Overview of the Mars Express Mission

The European Space Agency (ESA) launched a mission to Mars called "Mars Express" in June of 2003. The Mars Express spacecraft has two parts: an orbiter that will circle Mars for at least one Martian year (687 Earth days), and a lander named "Beagle 2" which is scheduled to touch down on the surface of the Red Planet on December 25, 2003.

One of the orbiter's main purposes is to search for water beneath the surface of Mars using a radar system called MARSIS (Mars Advanced Radar for Subsurface and Ionospheric Sounding). Scientists are very curious as to whether there might be life on Mars, and water deposits are a good place to look for living creatures. The surface of Mars is too cold and dry for water, but there may be water underground in aquifers. The Mars Express orbiter will also take high-resolution images to map Mars, will study the atmosphere of Mars, and will produce maps of the distribution of minerals on the surface of Mars.

Beagle 2 will land at a site named "Isidis Planitia" just north of the Martian equator. Isidis Planitia is a flat plain within an ancient impact crater that may once have contained a lake. The main chore of the Beagle 2 is to search for signs of life. Beagle 2 is not a rover, so it will only be able to examine the ground immediately around its landing site. It will scoop up samples of soil with a Position Adjustable Workbench (PAW) at the end of its robotic arm and chemically analyze those samples. Scientists hope Beagle 2 will find compounds that indicate the presence of living organisms. They will also analyze the mineral contents of the soil samples. ESA mission planners hope that Beagle 2 will be able to survive and conduct investigations on Mars for about six months.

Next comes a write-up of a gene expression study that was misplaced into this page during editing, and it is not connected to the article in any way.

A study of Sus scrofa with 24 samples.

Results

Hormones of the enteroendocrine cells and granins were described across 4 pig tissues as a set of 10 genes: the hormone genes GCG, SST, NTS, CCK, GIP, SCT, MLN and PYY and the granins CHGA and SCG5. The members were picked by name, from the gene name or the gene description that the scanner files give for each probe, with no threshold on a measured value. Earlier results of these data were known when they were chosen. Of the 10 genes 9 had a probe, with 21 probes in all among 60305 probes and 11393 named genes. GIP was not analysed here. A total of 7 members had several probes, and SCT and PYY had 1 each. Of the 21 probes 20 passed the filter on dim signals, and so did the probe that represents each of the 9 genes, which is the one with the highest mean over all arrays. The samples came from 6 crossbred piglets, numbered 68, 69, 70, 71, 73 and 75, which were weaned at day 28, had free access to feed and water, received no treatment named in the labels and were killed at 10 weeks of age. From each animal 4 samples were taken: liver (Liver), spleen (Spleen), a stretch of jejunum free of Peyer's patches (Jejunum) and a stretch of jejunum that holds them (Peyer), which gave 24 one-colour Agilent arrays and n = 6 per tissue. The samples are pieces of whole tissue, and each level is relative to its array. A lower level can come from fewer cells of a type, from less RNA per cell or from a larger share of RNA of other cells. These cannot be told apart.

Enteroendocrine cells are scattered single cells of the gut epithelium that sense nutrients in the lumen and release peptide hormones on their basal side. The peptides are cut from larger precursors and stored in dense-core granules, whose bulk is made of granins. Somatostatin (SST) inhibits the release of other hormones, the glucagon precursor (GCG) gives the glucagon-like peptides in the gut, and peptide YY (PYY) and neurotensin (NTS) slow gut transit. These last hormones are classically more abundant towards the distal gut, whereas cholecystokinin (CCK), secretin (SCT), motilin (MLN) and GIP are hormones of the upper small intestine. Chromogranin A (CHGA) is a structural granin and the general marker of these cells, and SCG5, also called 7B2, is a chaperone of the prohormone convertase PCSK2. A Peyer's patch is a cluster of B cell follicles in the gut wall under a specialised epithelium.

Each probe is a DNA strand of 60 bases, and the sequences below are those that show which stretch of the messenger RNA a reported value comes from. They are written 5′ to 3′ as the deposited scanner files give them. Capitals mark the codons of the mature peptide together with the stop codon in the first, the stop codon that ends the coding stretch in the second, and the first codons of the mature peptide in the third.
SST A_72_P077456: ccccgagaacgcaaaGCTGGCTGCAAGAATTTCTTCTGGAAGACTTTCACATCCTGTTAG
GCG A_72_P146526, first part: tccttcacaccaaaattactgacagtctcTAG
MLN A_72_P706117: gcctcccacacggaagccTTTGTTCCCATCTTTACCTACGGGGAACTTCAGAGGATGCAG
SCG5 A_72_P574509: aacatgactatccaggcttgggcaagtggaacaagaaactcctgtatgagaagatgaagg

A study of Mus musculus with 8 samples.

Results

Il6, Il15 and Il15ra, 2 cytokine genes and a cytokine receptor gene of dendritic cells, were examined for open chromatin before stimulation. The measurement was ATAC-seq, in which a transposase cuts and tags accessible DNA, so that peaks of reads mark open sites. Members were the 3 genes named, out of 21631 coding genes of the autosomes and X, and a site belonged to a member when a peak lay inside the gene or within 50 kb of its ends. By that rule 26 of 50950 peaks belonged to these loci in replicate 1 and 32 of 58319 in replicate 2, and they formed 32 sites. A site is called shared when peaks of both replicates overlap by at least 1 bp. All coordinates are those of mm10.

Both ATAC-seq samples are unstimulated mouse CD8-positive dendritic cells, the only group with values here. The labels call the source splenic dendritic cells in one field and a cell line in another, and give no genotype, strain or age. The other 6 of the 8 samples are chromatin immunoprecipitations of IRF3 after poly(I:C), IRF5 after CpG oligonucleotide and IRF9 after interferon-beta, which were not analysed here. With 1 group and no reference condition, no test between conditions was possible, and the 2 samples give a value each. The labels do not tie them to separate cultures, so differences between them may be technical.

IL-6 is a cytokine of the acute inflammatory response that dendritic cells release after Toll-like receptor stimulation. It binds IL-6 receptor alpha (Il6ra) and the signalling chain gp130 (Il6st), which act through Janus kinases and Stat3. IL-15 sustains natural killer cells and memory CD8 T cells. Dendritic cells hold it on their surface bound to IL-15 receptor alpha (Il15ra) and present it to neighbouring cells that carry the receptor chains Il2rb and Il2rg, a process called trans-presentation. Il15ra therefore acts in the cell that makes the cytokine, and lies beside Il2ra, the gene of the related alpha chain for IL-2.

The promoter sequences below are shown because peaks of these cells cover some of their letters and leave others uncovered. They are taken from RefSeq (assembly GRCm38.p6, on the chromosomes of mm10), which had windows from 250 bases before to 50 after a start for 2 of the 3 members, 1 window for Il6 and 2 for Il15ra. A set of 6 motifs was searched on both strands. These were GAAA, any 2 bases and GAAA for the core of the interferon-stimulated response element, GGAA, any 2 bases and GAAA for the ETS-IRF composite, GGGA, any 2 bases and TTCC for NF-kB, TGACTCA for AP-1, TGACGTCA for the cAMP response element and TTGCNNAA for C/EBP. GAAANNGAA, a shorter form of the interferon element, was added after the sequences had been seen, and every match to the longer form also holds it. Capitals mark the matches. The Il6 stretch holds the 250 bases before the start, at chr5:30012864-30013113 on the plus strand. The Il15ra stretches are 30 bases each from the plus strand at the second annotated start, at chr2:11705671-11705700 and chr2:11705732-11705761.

Beagle 2 is named after the ship, the H.M.S. Beagle, which Charles Darwin sailed on shortly before he wrote his famous book about evolution and natural selection titled "On the Origin of Species". Darwin's book had a tremendous impact on our understanding of living creatures and profoundly influenced the science of biology. The scientists who planned the Mars Express mission hope to find signs of life on Mars, which would also be an important breakthrough in biology, so they named their lander after Darwin's ship.

Last modified December 29, 2003 by Randy Russell.